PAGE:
Maariv for Sale Again, Third of Workers Put on Unpaid Leave

Trustee explains the 183 out of 550 workers aren't essential to Maariv as a going concern.

The court-appointed trustee for the financially-troubled Maariv daily filed an urgent court request on Tuesday to have the newspaper put up for sale and to furlough a large portion of the paper’s staff.

The trustee, Chen Berdichev, asked for permission to put 183 of Maariv’s 550 employees, whom she deemed “not essential to maintain the company as a going concern,” on unpaid leave, adding that anyone who is placed on leave who chooses to voluntarily resign will be deemed laid off, meaning that they would be entitled to severance benefits.

Last week Maariv owner Shlomo Ben-Tzvi, who purchased the paper a year and a half ago, sought court protection from creditors for the newspaper in the face of debts of 35 million shekels ($10 million). At the time he proposed a recovery plan that would have sharply scaled back the newspaper’s operations. Early this week, the Jerusalem District Court granted the request for the protection from creditors for a two-month period. It applies to all of Ben Tzvi’s firm Makor Rishon, which owns both Maariv and his other newspaper, also called Makor Rishon. Judge David Mintz conditioned the order on an injection of 2 million shekels into the company as well as the payment of salaries to the staff at the two papers.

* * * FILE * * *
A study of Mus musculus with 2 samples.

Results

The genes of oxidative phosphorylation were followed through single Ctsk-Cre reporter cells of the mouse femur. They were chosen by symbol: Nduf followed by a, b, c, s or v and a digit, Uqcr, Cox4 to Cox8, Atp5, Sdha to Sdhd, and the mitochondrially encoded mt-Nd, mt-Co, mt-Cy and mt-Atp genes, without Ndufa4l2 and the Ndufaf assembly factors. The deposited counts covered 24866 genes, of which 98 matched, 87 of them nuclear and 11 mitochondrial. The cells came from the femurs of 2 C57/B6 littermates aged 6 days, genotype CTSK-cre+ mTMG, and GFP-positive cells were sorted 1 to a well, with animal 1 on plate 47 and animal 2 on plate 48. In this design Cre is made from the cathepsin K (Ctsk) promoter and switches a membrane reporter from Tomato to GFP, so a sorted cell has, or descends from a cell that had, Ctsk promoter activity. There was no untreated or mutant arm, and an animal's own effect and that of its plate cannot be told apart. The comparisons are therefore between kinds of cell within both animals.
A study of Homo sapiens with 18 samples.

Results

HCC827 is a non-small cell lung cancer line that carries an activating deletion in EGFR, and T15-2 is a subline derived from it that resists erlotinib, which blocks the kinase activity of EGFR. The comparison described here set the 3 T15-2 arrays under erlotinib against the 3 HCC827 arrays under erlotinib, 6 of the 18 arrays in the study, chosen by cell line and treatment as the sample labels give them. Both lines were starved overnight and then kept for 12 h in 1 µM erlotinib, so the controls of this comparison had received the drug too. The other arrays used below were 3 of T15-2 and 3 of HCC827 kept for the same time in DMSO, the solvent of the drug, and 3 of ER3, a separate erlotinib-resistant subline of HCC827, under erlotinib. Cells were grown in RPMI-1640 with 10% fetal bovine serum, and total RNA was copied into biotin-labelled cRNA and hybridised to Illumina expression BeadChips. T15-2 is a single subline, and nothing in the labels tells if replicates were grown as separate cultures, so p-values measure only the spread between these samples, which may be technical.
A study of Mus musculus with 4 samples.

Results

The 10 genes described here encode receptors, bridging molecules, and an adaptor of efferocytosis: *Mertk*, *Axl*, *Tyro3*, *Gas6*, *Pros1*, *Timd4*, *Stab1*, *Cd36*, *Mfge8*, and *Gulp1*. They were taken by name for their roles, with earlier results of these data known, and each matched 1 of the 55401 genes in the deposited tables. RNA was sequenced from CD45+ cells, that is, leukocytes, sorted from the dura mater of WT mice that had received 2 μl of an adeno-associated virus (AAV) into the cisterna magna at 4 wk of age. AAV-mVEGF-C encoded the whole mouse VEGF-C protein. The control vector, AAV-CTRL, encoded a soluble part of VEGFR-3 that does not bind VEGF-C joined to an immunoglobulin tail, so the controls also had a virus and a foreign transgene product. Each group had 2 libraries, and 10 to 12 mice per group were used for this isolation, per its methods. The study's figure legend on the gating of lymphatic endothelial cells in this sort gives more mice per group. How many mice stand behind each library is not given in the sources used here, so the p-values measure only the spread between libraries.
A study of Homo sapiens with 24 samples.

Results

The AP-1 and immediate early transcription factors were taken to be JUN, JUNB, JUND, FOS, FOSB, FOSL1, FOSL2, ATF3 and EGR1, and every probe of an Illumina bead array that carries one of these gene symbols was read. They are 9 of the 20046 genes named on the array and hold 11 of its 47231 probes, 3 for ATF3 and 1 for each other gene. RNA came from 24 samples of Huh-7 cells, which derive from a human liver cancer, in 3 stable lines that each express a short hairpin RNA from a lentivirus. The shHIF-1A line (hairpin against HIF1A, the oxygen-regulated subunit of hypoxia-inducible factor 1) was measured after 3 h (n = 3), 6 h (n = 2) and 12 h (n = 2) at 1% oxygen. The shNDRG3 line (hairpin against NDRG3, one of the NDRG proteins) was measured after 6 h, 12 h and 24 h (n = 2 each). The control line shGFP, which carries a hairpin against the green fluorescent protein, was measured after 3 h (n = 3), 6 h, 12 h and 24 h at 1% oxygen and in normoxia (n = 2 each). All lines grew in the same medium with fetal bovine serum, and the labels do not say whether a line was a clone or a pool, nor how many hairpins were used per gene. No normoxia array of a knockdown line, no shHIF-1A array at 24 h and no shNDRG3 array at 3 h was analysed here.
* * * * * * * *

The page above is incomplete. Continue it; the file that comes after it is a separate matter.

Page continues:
In a shift in position from the initial request for a stay of proceedings, Ben-Tzvi’s company consented to have both publications run by the court trustee rather than just Maariv. Tuesday’s court filing acknowledged that an initial examination showed that the prospects of financing operations at both publications from funds available to the trustee were extremely limited.

As a result, the request stated, costs must be cut as much as possible while maintaining the company as a going concern and the period of the stay should be made as short as possible. “Publication of the newspapers in a limited fashion over a long period would result in serious damage to the [papers’] brand values and in any event not allow for their rehabilitation even if ultimately an agreement with creditors is approved,” the filing noted.